March Madness is a BIG deal in our household between the love for basketball between my husband and our three sons! So naturally, I have gotten really into it as well over the years and began to love sharing the excitement with my students, too! These 10 mentor texts have always helped me create a March Madness theme in my classroom, so I wanted to pass along my book recommendations, a breakdown of their ELA skills, and the strategies I teach through them. I use the first 6 books as whole group lessons, one for each day of the week (2 on Monday), and then use the last section in small groups.
I like to teach these two books together to focus on comparing texts with similar themes (confidence, overcoming a “shadow”). They also work well to teach about the author’s voice, poetry structure, and a grammar unit on comparative/superlative adjectives.
This nonfiction story is a great way to incorporate a cross-curricular math activity with nonfiction text structure and text features.
There are so many ways to incorporate this book into your ELA lessons, but here are a few I like to focus on: narrative nonfiction, identifying and describing the main characters, identifying the problem and solution, comparative/superlative adjectives, and an on-demand narrative writing piece for a real life experience.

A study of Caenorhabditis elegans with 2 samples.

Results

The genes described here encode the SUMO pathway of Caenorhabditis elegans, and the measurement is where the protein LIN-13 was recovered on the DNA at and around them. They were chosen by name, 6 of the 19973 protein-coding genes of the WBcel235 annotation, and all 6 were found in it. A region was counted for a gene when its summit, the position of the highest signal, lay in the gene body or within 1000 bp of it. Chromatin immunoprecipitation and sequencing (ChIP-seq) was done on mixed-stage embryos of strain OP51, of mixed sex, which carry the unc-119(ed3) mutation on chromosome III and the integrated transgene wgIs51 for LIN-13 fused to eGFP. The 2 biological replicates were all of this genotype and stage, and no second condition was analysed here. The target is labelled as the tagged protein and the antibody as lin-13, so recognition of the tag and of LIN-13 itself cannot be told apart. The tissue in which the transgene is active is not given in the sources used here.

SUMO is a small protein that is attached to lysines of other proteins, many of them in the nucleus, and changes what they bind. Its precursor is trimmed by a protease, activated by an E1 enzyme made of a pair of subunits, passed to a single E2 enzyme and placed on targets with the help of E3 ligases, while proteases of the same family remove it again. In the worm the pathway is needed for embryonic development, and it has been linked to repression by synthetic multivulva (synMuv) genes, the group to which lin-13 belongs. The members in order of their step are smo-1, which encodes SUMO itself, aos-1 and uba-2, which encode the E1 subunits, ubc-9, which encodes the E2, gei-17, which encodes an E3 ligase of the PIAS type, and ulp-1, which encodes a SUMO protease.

This is a popular book at home and in the classroom as it’s about Michael Jordan and his perseverance to make his dreams come true. I continue focusing on narrative nonfiction with this book as well as identifying point of view, describing the main characters, problem and solution identification, and comparative/superlative adjectives.
As an alphabet book, this one can be used for so many different ages. I use this book as a writing topic for my students to write about the “ABC’s of…” anything they choose! I also use it to teach figurative language and comparative/superlative adjectives
Small Group Texts
These mentor texts I typically use in small groups throughout our March Madness week. I use them to teach nonfiction text features and text structure, inferring, comparing themes, comparing characters, fluency, and word study (word parts, phonics).